The drug company says it wasn't supposed to be used for executions
The state wanted to execute eight men over 10 days this month
Two of the executions are already blocked for unrelated reasons
Plans by Arkansas to execute a group of inmates before the end of the month ran into more problems Friday.
Pulaski County Judge Wendell Griffen issued a temporary restraining order that stops the state from using a certain drug for lethal injections. The supplier of the drug argued it wasn’t supposed to be used for capital punishment.
It’s unclear what effect the ruling will have on the state’s plans to execute the men.
Arkansas originally wanted to execute eight men between April 17 and April 27, before its supply of a lethal injection drugs expires at the end of April – a plan that triggered outrage among capital punishment opponents.
Judges have already blocked two executions, though not because of the lethal injection issue. One of the executions was scheduled to happen Monday.
The Arkansas Attorney General’s Office issued this statement late Friday: “As a public opponent of capital punishment, Judge Griffen should have recused himself from this case. Attorney General (Leslie) Rutledge intends to file an emergency request with the Arkansas Supreme Court to vacate the order as soon as possible.”
Griffen has scheduled a hearing on the issue for 9 a.m. Tuesday.
Drug companies go to court
McKesson Medical Surgical Inc. argued its vecuronium bromide was intended only for medical purposes, not executions, and that the Arkansas Department of Corrections “misled” McKesson when it purchased the drug, according to a court brief.
“ADC (the Arkansas Department of Correction) personnel used an existing medical license, which is to be used only to order products with legitimate medical uses, and an irregular ordering process to obtain the vecuronium via phone order with a McKesson salesperson,” the brief said.
The company is asking the Department of Corrections to return 10 vials of the drug.
Two other drug companies, Fresenius Kabi USA and West-Ward Pharmaceuticals, filed a brief in US District Court of Eastern Arkansas arguing contracts prohibit their products from being used in executions, which run “counter to the manufacturers’ mission to save and enhance patients’ lives.”
“The only conclusion is that these medicines were acquired from an unauthorized seller in violation of important contractual terms that the manufacturers relied on when selling the medicines,” thee two companies said in the brief.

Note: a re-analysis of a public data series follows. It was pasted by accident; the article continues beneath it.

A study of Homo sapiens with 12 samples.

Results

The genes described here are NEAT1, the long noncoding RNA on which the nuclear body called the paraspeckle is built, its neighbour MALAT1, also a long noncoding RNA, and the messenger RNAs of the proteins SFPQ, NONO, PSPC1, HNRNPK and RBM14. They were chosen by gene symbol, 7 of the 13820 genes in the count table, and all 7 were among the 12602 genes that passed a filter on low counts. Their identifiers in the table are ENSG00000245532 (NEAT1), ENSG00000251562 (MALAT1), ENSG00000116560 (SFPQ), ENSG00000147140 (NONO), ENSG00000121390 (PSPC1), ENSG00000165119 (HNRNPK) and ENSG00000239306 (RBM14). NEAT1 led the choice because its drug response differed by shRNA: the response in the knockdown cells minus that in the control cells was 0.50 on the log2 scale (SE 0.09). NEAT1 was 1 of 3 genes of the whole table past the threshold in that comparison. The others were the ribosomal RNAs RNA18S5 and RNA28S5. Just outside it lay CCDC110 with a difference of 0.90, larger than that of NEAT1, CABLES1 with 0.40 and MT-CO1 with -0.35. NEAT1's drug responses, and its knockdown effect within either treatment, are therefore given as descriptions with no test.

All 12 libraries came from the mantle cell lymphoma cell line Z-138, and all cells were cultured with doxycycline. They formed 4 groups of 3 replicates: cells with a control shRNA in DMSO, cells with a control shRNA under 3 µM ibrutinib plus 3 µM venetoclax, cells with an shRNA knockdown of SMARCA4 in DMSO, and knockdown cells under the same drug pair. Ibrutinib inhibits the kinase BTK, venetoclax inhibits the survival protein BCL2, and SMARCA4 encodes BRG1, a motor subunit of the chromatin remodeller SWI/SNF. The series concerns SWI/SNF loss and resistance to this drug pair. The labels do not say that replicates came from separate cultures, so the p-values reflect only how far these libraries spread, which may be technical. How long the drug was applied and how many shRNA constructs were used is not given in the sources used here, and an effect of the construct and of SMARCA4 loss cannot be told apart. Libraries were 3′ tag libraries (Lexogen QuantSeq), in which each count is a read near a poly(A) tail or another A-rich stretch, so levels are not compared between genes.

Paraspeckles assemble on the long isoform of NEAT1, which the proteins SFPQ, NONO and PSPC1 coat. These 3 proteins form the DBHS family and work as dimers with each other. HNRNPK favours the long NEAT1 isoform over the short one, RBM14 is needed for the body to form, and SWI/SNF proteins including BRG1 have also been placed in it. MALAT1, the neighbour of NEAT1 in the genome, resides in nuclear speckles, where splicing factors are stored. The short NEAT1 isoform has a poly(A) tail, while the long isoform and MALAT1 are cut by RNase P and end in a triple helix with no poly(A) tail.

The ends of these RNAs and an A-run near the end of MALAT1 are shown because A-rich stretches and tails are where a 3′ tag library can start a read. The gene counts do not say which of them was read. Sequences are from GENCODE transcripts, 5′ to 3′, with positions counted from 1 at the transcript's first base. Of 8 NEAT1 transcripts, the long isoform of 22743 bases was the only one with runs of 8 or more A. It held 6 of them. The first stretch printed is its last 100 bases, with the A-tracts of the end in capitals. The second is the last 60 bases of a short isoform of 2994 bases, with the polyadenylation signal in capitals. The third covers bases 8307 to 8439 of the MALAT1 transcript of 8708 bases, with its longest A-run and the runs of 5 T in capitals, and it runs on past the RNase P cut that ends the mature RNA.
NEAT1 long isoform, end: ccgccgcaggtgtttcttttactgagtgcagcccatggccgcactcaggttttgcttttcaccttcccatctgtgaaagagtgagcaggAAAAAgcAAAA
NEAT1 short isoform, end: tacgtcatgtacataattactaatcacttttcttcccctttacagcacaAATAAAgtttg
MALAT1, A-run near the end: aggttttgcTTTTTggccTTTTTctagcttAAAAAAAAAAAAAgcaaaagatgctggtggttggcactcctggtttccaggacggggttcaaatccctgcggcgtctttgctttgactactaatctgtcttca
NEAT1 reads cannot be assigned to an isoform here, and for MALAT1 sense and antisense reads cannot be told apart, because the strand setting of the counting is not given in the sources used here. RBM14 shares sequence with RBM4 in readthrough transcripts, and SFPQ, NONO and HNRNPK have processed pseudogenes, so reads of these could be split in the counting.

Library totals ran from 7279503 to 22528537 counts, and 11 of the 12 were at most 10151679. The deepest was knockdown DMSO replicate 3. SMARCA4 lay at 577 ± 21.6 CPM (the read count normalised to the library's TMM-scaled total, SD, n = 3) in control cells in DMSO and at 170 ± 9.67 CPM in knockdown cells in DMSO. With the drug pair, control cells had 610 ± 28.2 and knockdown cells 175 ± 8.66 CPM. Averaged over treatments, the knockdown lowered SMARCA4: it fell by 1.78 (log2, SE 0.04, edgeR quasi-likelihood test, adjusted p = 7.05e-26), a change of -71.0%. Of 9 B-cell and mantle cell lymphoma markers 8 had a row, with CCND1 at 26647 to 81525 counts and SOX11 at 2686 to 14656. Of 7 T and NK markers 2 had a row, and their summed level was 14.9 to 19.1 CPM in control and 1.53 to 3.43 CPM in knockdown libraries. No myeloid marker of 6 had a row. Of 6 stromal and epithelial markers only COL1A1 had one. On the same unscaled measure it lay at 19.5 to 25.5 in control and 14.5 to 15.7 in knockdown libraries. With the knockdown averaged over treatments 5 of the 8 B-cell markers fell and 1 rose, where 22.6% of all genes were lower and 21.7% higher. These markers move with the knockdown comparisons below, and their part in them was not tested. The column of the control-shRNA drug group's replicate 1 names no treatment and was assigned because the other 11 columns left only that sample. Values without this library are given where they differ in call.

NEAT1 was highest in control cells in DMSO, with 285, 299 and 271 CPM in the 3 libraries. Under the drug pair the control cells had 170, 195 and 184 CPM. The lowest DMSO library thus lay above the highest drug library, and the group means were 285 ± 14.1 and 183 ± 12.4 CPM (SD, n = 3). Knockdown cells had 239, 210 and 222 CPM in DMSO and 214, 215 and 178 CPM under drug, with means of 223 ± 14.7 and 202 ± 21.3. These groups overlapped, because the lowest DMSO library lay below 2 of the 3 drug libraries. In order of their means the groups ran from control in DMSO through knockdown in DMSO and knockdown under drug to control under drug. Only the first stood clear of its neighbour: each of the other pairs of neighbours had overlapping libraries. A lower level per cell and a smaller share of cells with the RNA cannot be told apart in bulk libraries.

The judge has not ruled in this case.
Two of the eight executions planned for this month have already been blocked.
A federal judge on April 6 blocked the execution of Jason McGehee. The state’s parole board had earlier voted to recommend that McGehee’s death sentence be commuted to life without parole, and the judge ruled McGehee’s April 27 execution date would not have given the board enough time as required by law in which to notify the governor of its recommendation.
Earlier Friday, the Arkansas Supreme Court blocked the execution of Bruce Ward.
Attorneys argued that Ward, 60, should not be executed because he’s mentally incompetent. He’s been on death row since 1990 for strangling a woman in a convenience store bathroom, reported CNN affiliate KARK.
After the Supreme Court decision, Rutledge’s office issued this statement: “Bruce Ward was convicted of capital murder in 1990 and the state Supreme Court has previously upheld his conviction. The court granted a stay of Ward’s scheduled execution today but offered no reason for doing so. Attorney General Rutledge is evaluating options on how to proceed.”
Ward’s lawyers also issued a statement Friday.
“We are grateful that the Arkansas Supreme Court has issued a stay of execution for Bruce Ward so that they may consider the serious questions presented about his sanity. He deserves a day in court for that, but in Arkansas the rules do not permit that. Instead, they give the power to director of the Department of Corrections to decide whether the department can execute someone or not. That is both unfair and unconstitutional.
“Mr. Ward’s severe and lifelong schizophrenia and delusions, such as seeing demon dogs at the foot of his bed, have left him incompetent for execution under the constitutional standard: He has no rational understanding of the punishment he is slated to suffer or the reason why he is to suffer it. In fact, he does not believe he will ever be executed and believes he will walk out of prison a free man to great acclaim and riches. His nearly three decades in solitary confinement have only worsened his severe mental illness.”
A report by a Harvard Law School initiative suggests five of the men Arkansas plans to execute, including Ward, are not mentally fit for the death penalty.
According to the report, he told a forensic psychiatrist in 2010 that he hears voices, that he gets revelations directly from God and that he will “walk out of prison to great riches and public acclaim.” He says he’s been visited in prison by his deceased father and “resurrected dogs.”
Gov. Asa Hutchinson announced his controversial plan in March to execute eight inmates over a 10-day period starting April 17.
Defense lawyers argued that midazolam – the drug used to render inmates unconscious before they are given two more drugs that paralyze and kill them – does not effectively keep those being executed from experiencing a painful death.
Ward was one of two inmates scheduled to die Monday. The other, Don William Davis, is still scheduled for execution on Monday.
CNN’s Jessica Ravitz and Dakin Andone contributed to this report.